Blue Origin founder Jeff Bezos has billions of dollars and a rocket company, yet his recent comments suggest he could not afford to buy one book about space. Thankfully, an astronomer sets the record straight for Inverse.

On Saturday night, Bezos accepted the Buzz Aldrin Space Exploration Award at the Explorers Club Annual Dinner in New York. While much of his speech focused on the future of aerospace, he took a moment to show some respect for our pale blue dot — and failed.

“We have sent a lot of probes to every planet in this solar system. Believe me, this is the best one,” he said, according to Bloomberg. “The world that we live on is an absolute gem.”

While it’s true that Earth is the MVP of our solar neighborhood, the first part of Bezos’s statement is flat-out false. We have not sent “a lot of probes to every planet” in the solar system by any stretch of the imagination, which is precisely why there should be more funding directed toward agencies that aren’t concerned with making space another Chuck E. Cheese for billionaires.

In particular, Uranus and Neptune have only ever had the briefest of visits from Voyager 2, which flew by both planets about three decades ago. No probe has ever entered orbit around either of those distant worlds.

“Truthfully, we haven’t sent a probe to every planet,” Caitlin Ahrens, an astronomer at the University of Arkansas, tells Inverse. “It was lucky that the Voyager probe happened to photograph the ice giants in an alignment that happens every 80-some years, but to study them? Nope.”

It’s true that Mars has had a series of rovers exploring it over the last 20-something years, and there will be more to come. Venus has also seen its fair share of doomed probes, though they’ve only ever survived a maximum of 127 minutes in its hellish conditions. And again, Neptune and Uranus haven’t seen a spacecraft since NASA’s Voyager 2 flew by them in 1986. That’s a huge disservice to planetary scientists and those looking outside our solar system to find answers about the universe.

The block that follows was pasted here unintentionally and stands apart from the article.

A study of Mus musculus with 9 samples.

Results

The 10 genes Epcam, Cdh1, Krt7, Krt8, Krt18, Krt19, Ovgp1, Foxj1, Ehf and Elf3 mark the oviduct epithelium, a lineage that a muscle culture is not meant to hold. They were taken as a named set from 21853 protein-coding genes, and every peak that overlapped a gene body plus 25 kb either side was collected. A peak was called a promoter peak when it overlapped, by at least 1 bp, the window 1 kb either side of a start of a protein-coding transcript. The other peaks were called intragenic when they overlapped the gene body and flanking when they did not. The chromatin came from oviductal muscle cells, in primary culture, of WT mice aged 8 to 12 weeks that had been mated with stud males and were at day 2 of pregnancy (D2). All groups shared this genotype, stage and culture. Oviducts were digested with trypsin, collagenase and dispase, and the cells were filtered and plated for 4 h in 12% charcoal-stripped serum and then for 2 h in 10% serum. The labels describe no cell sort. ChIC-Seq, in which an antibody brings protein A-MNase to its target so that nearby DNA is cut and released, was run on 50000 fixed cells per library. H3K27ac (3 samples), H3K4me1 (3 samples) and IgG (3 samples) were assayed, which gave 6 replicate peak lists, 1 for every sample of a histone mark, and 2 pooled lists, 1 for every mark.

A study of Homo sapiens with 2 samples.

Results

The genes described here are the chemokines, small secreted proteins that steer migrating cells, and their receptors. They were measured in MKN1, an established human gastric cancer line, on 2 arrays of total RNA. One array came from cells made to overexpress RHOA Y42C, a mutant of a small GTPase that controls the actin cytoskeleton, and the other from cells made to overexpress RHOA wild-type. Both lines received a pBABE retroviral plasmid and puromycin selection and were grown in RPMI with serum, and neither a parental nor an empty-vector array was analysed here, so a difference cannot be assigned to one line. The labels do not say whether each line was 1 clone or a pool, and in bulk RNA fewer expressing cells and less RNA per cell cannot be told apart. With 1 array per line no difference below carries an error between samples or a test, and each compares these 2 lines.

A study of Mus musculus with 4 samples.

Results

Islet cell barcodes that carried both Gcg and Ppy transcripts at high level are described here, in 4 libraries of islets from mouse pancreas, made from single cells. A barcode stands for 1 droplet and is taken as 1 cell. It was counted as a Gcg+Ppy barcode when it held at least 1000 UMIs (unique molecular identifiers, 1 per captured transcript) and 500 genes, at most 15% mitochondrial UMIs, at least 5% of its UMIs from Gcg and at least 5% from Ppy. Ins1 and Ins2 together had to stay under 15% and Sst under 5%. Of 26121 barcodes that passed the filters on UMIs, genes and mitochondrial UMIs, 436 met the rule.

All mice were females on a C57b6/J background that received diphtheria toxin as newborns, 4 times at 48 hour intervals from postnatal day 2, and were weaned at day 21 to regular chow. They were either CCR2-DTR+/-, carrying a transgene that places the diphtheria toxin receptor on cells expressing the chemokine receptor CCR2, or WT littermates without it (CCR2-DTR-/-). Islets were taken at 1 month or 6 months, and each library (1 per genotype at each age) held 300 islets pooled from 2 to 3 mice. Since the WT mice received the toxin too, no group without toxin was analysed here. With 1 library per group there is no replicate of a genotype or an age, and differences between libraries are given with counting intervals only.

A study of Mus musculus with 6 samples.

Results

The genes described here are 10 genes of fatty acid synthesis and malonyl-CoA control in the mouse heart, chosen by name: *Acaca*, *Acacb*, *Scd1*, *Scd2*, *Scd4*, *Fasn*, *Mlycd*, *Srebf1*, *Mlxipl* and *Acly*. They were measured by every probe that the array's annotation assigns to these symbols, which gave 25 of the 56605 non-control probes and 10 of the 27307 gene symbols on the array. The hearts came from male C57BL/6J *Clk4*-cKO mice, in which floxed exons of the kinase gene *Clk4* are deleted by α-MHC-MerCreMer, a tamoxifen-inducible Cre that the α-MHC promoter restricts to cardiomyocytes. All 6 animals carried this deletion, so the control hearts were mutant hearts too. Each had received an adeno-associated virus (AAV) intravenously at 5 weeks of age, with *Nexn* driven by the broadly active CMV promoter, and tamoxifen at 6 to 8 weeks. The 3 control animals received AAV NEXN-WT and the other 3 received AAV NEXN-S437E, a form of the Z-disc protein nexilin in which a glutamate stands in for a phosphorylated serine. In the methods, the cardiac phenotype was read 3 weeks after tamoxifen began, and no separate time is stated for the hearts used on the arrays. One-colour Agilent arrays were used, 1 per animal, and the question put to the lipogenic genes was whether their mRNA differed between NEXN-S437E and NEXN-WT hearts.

jeff bezos
Jeff Bezos standing on a turbine with some champagne, as normal people are wont to do.

The ice giants might seem like big, cold, gassy balls in the vacuum of space — and they are. But there’s a ton of cool stuff we’ve yet to uncover about them since it takes a lot of time, planning, and resources to fund missions there. Did you know Neptune has rings, or that Uranus spins on its side? I guarantee you Jeff Bezos doesn’t know that, but now you do.

There’s even evidence to suggest planets similar to the ice giants are the most common kinds of exoplanets in the universe. Of course, we can’t know that for sure, because neither of these planets has been visited by a spacecraft since Ronald Reagan was president. Yikes.

“[NASA’s Juno mission to Jupiter is still very new,” Ahrens explains. “Nothing for Uranus and Neptune. [Saturn’s moon] Triton only has barely half of it photographed.”

To be fair, Bezos also said in his speech that he’s trying to make space more accessible, which could be good for astronomers in the long-term. But the implication is always that this accessibility will benefit Blue Origin’s space tourism and, therefore, Jeff Bezos’s wallet, not scientific exploration.

“The price of admission to space is very high,” Bezos says. “I’m in the process of converting my Amazon lottery winnings into a much lower price of admission so we can go explore the solar system.”

We can only hope that the same guy who founded Amazon will suddenly pivot his entire aerospace manifesto to actually incorporate science.

“Just seems like this guy is for show,” Ahrens says. “But we truly need to do more exploration.”